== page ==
The State House is seen at dawn during the final week of winter, Thursday, March 16, 2023, in Augusta, Maine.
Robert F. Bukaty
/
AP
The State House is seen at dawn during the final week of winter, Thursday, March 16, 2023, in Augusta, Maine.

Democrats in the Legislature began passing a $9.8 billion biennial budget Thursday over objections from Republicans.

The initial vote in the House was 81-63 with the Democratic majority supporting the spending plan and the GOP opposing it.

Democrats have labeled the spending plan a continuing services budget because it contains no new initiatives and ensures that state government will remain open when the current budget expires June 30.

Republicans opposed the bill because they wanted assurances that a separate spending bill to be negotiated later this spring would include a $200 million tax cut and a study of welfare programs.

Democrats rejected that request, but Rep. Melanie Sachs, a Democrat from Freeport, encouraged Republicans to support the proposal anyway.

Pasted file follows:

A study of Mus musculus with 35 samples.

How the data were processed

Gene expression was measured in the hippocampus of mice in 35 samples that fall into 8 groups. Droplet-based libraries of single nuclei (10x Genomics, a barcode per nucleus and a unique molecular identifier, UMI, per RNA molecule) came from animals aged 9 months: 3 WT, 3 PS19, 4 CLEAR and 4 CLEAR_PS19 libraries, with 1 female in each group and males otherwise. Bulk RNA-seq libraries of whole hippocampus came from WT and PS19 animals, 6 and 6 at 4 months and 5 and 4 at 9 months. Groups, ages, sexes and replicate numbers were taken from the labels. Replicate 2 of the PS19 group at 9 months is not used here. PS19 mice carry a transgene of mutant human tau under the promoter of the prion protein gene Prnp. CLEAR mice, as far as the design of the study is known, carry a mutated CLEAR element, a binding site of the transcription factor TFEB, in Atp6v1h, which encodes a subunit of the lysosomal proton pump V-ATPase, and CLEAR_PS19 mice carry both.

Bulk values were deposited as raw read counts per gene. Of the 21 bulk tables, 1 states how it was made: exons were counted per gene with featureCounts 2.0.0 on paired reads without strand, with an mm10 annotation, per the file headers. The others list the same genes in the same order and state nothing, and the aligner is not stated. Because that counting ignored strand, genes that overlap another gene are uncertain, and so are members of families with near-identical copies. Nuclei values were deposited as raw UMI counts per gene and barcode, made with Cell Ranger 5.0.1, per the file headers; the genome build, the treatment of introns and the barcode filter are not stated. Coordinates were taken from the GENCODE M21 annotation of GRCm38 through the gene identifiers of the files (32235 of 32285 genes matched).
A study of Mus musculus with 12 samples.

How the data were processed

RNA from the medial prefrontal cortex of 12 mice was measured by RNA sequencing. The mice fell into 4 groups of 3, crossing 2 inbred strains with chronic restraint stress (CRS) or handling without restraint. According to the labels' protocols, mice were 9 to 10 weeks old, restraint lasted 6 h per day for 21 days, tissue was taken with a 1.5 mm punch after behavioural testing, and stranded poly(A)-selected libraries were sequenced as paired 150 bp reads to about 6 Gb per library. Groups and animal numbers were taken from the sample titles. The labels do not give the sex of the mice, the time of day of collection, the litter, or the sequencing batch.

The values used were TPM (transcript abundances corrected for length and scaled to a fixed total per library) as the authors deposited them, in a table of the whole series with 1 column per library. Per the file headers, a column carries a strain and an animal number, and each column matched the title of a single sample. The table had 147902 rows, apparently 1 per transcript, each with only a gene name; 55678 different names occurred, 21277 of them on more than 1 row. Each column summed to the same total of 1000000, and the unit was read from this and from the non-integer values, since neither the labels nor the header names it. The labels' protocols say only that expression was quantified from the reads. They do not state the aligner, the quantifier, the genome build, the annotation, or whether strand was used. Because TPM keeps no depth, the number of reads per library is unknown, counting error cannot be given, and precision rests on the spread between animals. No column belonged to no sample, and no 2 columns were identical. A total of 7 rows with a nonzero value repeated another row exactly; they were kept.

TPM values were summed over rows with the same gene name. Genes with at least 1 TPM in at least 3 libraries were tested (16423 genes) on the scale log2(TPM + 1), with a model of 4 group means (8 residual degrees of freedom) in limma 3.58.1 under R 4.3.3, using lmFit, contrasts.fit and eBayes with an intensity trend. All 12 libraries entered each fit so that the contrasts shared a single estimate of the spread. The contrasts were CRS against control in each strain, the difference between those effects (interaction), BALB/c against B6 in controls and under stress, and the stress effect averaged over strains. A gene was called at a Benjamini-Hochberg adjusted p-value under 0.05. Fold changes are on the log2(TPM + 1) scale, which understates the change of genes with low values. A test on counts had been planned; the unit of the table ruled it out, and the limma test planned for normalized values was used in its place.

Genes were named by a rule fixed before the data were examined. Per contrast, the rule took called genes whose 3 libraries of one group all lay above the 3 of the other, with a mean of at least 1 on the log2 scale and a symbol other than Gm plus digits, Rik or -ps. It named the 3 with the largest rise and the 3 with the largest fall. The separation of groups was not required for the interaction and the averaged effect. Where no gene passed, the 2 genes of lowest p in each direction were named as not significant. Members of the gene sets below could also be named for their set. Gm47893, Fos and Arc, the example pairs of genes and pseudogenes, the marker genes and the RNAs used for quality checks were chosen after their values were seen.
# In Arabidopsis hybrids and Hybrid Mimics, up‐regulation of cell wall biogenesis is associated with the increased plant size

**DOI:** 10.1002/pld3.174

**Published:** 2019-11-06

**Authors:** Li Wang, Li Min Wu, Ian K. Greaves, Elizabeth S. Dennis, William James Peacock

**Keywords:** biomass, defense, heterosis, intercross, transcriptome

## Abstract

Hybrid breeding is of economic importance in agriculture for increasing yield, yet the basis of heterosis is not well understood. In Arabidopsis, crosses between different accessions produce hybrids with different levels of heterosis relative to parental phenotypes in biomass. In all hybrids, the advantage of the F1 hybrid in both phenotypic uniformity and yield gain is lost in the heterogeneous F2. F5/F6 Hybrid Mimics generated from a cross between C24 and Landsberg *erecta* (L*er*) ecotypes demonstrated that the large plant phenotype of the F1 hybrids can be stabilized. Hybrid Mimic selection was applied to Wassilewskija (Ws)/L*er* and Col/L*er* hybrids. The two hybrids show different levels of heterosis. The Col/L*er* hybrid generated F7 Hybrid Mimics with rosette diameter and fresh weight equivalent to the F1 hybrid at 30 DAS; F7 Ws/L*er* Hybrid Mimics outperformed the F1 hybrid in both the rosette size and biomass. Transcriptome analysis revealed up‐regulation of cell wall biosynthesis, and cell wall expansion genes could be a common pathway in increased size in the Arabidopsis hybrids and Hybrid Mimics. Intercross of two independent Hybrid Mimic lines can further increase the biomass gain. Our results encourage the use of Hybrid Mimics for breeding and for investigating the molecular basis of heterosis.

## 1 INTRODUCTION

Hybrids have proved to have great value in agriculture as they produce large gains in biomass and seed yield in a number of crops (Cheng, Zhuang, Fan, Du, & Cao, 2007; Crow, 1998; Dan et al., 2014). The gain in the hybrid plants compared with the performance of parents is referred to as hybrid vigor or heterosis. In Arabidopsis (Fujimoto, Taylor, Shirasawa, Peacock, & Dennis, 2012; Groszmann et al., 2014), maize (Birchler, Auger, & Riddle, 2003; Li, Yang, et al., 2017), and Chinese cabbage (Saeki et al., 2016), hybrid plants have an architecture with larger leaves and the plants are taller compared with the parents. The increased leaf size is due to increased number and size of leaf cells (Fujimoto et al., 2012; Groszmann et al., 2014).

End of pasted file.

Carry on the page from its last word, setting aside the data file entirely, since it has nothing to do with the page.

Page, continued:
"A vote for LD 424 means you support certainty for our communities, good and thoughtful governance and the ability to move forward and discuss new initiatives and programs in the next phase of the budget process," Sachs said.

The vote was the first of several expected Thursday evening as Democrats rush to enact it before April 1, thus allowing it to go into effect by July 1.

The Legislature was expected to adjourn after the budget vote, but also return quickly once a special session is called.

The proposal includes local education funding, municipal revenue sharing, free school lunches and funding for state government.

Negotiations on the second part of the budget are expected to take place later this spring

Journalist Steve Mistler is Maine Public’s chief politics and government correspondent. He is based at the State House.